Warning Signs
CAP Test
 
 
 

CAP Test

Central Auditory Processing Testing

Central auditory processing (CAP) is defined as a person’s ability to attend to, discriminate, recognize, remember and understand auditory information with normal hearing.

Difficulty with following directions is possibly the single most common complaint about children with CAP-D. CAP is often misunderstood and due to similar characteristic symptoms shasred with other conditions, it can also be confused with learning disabilities, attention deficit hyperactivity disorder and depression. 

 

Signs & Symptoms of CAP-D:

  • child may be easily distracted
  • child may be unusually bothered by loud sounds
  • child’s behaviour improves in quieter environments
  • child has difficulty following directions, simple or complicated
  • child may show difficulty in the following academic areas: reading, spelling, writing or other speech-language challenges, including verbal or problem-based mathematics
  • child seems disorganized and forgetful
  • child has difficulty following conversations, especially when the room is noisy

The symptoms may range from mild to severe and may take various forms. If you’ve answered “yes” to two or more of the above, it is advisable to seek a CAP evaluation for your child.

 

Problem Areas for Kids with CAP-D:

  1. Auditory Figure-Ground Problems: This is when the child cannot pay attention when there is noise in the background.  Noisy, low-structured classrooms could be very frustrating to this child.
  2. Auditory Memory Problems: This is when the child has difficulty remembering information such as directions, lists or study materials.  It can be immediate (“I can’t remember it now”) and/or delayed (“I can’t remember it when I need it for later”).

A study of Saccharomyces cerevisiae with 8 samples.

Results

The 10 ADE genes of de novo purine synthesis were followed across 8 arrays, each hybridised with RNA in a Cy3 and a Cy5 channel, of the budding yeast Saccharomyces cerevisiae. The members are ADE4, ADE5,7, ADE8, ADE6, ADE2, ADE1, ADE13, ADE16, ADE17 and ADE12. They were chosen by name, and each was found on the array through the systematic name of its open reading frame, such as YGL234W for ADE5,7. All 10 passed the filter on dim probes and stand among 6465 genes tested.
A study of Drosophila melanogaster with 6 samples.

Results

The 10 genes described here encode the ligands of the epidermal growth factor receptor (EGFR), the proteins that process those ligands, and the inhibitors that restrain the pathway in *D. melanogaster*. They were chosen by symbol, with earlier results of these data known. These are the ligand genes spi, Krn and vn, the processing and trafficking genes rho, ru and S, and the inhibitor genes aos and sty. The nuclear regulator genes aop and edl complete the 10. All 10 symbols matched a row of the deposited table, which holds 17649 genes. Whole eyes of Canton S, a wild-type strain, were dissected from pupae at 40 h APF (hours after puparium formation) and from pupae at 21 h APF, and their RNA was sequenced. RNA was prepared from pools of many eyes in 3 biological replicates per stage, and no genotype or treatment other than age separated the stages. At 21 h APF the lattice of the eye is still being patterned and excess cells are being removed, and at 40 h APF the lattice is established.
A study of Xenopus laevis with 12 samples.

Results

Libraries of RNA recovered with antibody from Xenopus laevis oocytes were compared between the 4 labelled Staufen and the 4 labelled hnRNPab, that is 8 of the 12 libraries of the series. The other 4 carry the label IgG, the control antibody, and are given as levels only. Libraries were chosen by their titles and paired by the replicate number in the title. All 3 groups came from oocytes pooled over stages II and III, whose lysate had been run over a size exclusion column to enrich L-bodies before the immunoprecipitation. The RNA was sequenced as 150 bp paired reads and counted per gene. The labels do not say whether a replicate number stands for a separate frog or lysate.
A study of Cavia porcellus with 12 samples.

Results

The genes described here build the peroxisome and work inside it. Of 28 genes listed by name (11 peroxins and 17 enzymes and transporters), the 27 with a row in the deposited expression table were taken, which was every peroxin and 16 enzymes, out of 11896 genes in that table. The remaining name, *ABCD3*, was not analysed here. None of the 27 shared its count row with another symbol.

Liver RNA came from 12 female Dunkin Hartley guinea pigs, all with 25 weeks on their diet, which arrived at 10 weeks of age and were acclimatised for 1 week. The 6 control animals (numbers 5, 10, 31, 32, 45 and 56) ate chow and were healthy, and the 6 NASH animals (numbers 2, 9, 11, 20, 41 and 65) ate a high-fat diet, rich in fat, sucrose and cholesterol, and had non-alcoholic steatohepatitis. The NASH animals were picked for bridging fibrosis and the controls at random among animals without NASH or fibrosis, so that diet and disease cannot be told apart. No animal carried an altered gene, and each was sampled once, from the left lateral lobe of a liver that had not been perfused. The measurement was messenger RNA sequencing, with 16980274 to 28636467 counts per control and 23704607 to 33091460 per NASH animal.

3. Auditory Discrimination Problems: This is when the child has difficulty hearing the difference between sounds or words that are similar (COAT/BOAT or CH/SH).  This problem can affect following directions, reading, spelling, and writing skills, among others.
  4. Auditory Attention Problems: This is when the child can’t maintain focus for listening long enough to complete a task or requirement (such as listening to a lecture in school).  Although health, motivation, and attitude may also affect attention, among other factors, a child with CAP-D cannot (not will not) maintain attention.
  5. Auditory Cohesion Problems:  This is when higher-level listening tasks are difficult.  Auditory cohesions skills – drawing inferences from conversations, understanding riddles, or comprehending verbal math problems – require heightened auditory processing and language levels.  They develop best when all the other skills (levels one through four above) are intact.

Evaluating CAP

A CAP evaluation begins with a hearing test and then a battery of standardized tests for auditory brainstem and cortical function.  The test may take anywhere from one to three hours to complete, depending on the child’s attention and ability to perform.  As such, the appointment may be completed in two different sessions. 

Audiologists are the professionals to seek for CAP evaluations; however, not all audiologists are trained to perform such testing.  Sherina Samuel, Doctor of Audiology at Bovaird Hearing Clinic is qualified in testing and working with children with CAP disorders.  If your child is diagnosed with a CAP disorder, recommendations will be made for both home and school functions in order to improve/manage the child’s auditory processing skills.